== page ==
Farne Islands in England – A Sacred Place For People and Animals Alike
Formed between 280 and 345 million years ago, the 28 islands which make up the Farne Archipelago were once part of the greater British Isle. But with the rising waters, after the last glaciation period, together with sea erosion, has transformed them into a series of picturesque islands off the coast of Great Britain, in the North Sea. The islands themselves are just the tip of a massive volcanic rock intrusion, known as the Great Whin Sill (the Great basalt belt), which crosses over North-Eastern England. However, this rock in particular is a special kind of basalt, known as dolerite, which is far tougher and can better withstand the relentless waves.
Even though the layer of dolerite can reach up to 30 meters in some places, fissures within the rock have become enlarged, giving way to some truly deep trenches, like the Chasm and St. Cuthbert’s Gut, on Inner Farne Island. During a storm, water gushes through these rock-carved trenches, spewing water some 30 meters high.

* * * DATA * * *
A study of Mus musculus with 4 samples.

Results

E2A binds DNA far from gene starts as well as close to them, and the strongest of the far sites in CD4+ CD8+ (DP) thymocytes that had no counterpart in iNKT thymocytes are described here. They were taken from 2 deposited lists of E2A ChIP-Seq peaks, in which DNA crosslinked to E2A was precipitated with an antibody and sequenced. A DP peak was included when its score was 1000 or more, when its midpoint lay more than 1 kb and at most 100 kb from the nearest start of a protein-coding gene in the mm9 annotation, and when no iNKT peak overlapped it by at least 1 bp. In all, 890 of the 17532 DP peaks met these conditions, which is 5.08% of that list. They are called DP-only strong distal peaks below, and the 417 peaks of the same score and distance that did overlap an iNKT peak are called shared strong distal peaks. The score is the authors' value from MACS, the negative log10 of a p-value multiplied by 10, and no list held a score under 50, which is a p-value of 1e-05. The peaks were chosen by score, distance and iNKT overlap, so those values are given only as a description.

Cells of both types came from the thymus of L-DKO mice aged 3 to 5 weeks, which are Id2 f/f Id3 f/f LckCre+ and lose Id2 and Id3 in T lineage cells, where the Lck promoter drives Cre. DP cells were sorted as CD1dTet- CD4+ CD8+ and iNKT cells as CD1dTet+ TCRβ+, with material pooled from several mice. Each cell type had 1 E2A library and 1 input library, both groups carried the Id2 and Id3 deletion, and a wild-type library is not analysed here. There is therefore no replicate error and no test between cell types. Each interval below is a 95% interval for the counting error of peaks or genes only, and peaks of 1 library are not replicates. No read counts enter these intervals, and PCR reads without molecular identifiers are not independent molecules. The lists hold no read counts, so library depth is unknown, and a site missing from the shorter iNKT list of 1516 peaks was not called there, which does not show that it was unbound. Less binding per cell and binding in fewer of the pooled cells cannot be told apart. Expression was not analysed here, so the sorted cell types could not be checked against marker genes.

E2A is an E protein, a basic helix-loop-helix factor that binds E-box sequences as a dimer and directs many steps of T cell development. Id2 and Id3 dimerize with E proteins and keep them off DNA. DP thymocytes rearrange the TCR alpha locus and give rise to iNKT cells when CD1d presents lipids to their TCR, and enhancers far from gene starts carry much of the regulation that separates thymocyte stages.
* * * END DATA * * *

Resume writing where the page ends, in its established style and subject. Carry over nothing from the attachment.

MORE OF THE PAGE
Farne Islands are strongly linked to Celtic Christianity. The Anglo-Saxon monk, St. Cuthbert, lived in isolation on the Inner Farne island during the 7th century, and was renown throughout the Kingdom of Northumbria for his healing powers. In fact, the name of the islands comes from “Farena Ealande” or “Pilgrim Island”. Cuthbert loved nature, birds and seals most of all, often being his only companions on the deserted island.
Another holy island here is Lindisfarne, which is connected to the mainland via a narrow dike, and is the only inhabited island among the 28. A monastery was built here during the 7th century, and is the place where the religious text, with many colorful illustrations, was written; the Lindisfarne Gospels. In 793 however, the monastery was sacked by the vikings sailing from the north-east.
Today the islands are most famed for their wildlife. Some 20 species of marine birds nest here, among which are the common eider, Fulmarus glacialis, seagulls, puffin penguins, and many others. A more recent study has shown that over 70,000 pairs of birds make their nests here, about half of which are these puffins.